By Barb Pert Templeton
She was known as one of the most glamorous Hollywood actresses in the 1930’s, made shoulder pads a women’s fashion trend and became an icon of the Hollywood’s Golden Age.
In a career that spanned 45-years with lots of peaks and valleys, Joan Crawford’s began after she won a Charleston contest in Kansas City, and headed to Chicago and then New York to dance on stage. She was spotted in the chorus by MGM producer Harry Rapf, and soon given a screen test, and contract.
Joan’s start in the business had her actually being billed using her given name, Lucille Fay LeSueur in several movies. Then producers decided the last name sounded too much like a sewer. A contest with a magazine was held to rename the star and the public came up with Joan while the studio added the Crawford.
Always up for a comeback, the ever-determined Crawford launched one that carried her to several box office hits including ‘The Women’ in 1939 and seven other noteworthy films leading to her Academy Award winning performance in ‘Mildred Pierce’ in 1945.
Here are a trio of memorable films worth watching.
MILDRED PIERCE 1945 Directed by Michael Curtiz for Warner Brothers Studios
Storyline: Joan Crawford portrays “Mildred Pierce,” a divorced mother of two who launches her own restaurant chain with a wise cracking sidekick, the ever reliable (Eve Arden) by her side. She has two daughters, the older one, Veda, a spoiled brat who’s never satisfied and a younger girl lost to pneumonia before she reaches her teens. As Mildred works night and day to make her restaurants a success while simultaneously surrendering nearly every cent to her demanding offspring the movie takes a wild turn following a murder.
Behind the Scenes:
- Mirroring her own life, Joan Crawford had also supported herself as a waitress and saleswoman before she achieved success as an actress. She picked up her one and only Academy Award for this film.
- Director Curtiz and Crawford had so much conflict on the set he started referring to her as “Phony Joanie” and “the rotten bitch,” laying into her mercilessly in front of cast and crew. Crawford wanted the director fired and replaced “with a human being.”
My take on it: It’s definitely a switch to see Crawford playing the put-upon sympathetic character with a heart but it’s also very entertaining. You certainly begin to root for Mildred, hoping she’ll wake up from her enabling parenting and give her daughter the boot.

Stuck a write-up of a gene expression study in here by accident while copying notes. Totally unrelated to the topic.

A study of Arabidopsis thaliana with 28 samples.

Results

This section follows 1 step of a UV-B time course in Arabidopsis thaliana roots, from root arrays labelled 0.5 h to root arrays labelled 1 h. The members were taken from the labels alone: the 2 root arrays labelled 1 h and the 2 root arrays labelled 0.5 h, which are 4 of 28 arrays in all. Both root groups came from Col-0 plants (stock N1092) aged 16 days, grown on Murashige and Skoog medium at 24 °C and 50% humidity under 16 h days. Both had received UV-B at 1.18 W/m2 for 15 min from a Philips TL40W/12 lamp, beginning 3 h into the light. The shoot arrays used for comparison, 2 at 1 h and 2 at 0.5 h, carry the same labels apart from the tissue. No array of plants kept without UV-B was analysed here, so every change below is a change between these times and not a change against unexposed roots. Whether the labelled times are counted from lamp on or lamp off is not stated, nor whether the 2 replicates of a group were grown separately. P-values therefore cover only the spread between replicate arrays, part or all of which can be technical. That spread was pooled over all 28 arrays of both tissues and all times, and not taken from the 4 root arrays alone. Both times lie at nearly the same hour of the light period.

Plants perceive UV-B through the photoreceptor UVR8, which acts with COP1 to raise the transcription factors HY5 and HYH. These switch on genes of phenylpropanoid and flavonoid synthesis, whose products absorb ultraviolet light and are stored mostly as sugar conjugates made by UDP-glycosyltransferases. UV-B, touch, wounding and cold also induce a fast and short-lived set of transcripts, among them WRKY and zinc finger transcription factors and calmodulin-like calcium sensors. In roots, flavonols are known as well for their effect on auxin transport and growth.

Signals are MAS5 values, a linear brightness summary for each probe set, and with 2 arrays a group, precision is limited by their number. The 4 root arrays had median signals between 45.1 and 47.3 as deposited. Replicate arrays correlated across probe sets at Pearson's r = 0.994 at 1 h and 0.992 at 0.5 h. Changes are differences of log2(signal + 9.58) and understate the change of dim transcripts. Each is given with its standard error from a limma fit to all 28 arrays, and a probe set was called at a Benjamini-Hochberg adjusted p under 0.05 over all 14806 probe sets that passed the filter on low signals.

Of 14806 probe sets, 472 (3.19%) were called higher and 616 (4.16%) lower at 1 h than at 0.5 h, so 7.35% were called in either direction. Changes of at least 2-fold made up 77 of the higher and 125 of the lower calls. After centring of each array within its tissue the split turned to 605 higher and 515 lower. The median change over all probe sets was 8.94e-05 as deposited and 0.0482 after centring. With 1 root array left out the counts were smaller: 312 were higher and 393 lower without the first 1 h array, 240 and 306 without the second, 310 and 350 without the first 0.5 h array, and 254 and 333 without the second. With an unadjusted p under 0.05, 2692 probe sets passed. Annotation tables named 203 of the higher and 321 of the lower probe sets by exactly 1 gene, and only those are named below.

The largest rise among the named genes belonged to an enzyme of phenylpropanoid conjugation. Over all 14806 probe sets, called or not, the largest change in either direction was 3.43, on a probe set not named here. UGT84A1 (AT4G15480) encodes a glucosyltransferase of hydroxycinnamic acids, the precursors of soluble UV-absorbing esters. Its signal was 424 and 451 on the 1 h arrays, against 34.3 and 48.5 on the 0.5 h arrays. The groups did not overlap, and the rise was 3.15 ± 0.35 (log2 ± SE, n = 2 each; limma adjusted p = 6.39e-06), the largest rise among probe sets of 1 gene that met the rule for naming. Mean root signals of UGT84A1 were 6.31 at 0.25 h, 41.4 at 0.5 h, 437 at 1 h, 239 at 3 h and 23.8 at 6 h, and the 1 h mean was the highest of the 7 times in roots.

THE WOMEN – 1939 – Director George Cukor
Storyline: This drama with witty dialogue thrown in has an ensemble cast of great actresses of the day including Joan Crawford, Norma Shearer, Rosalind Russell, Joan Fontaine and Paulette Goddard. As shopgirl Crystal Allen, Crawford is “the other women” carrying on an affair with the husband of the wealthy Mary Haines (Shearer). As gossip related to the affair moves through social circles the group of women embrace Shearer’s character and displays disdain for Crawford.
Behind the Scenes:
- During production, MGM’s publicity department couldn’t sell its usual stories about romance on the set with an all-female cast, so they played up the angle of dueling divas and feuds on the set instead.
- Dorothy Lamour was originally sought to play the Crawford role of Crystal, but she turned the role down, citing the character as being “less than desirable”
My take on it: Funny, entertaining and interesting to watch all the major stars of the day working together on the big screen.
WHATEVER HAPPENED TO BABY JANE – 1962 – Robert Aldrich
Storyline: Two aging former child starts, Blanche Hudson (Joan Crawford) and June Hudson (Bette Davis) live together in a mansion where their long-standing resentment for one another is about to boil over. Crawford’s character, wheelchair bound after an accident, is the sympathetic one here and a victim of her sister June’s mental instability, left at her mercy for basic care.
As June descends into madness mayhem, torture and murder ensue.
Behind the Scenes:
- Bette Davis had a Coca-Cola machine installed on set. This was to deliberately provoke Joan Crawford who was the widow of Pepsi chairman Alfred Steele, and a celebrity spokesperson for that company.
- Despite playing a bedridden emancipated invalid, Joan Crawford wanted to still look glamorous. Keeping her hair matted, her gowns drab and nail polish missing was a constant battle on the set. In contrast, Bette David took delight in looking hideous.
My take on it: Apologies to the “Addams Family” theme song but this film is both creepy and kooky with some mysterious and spooky tossed in too. Crawford plays a great victim to Bette Davis’ psychotic – thinks she’s still a child star complete with knee socks and curls – wacko. Goosebumps galore.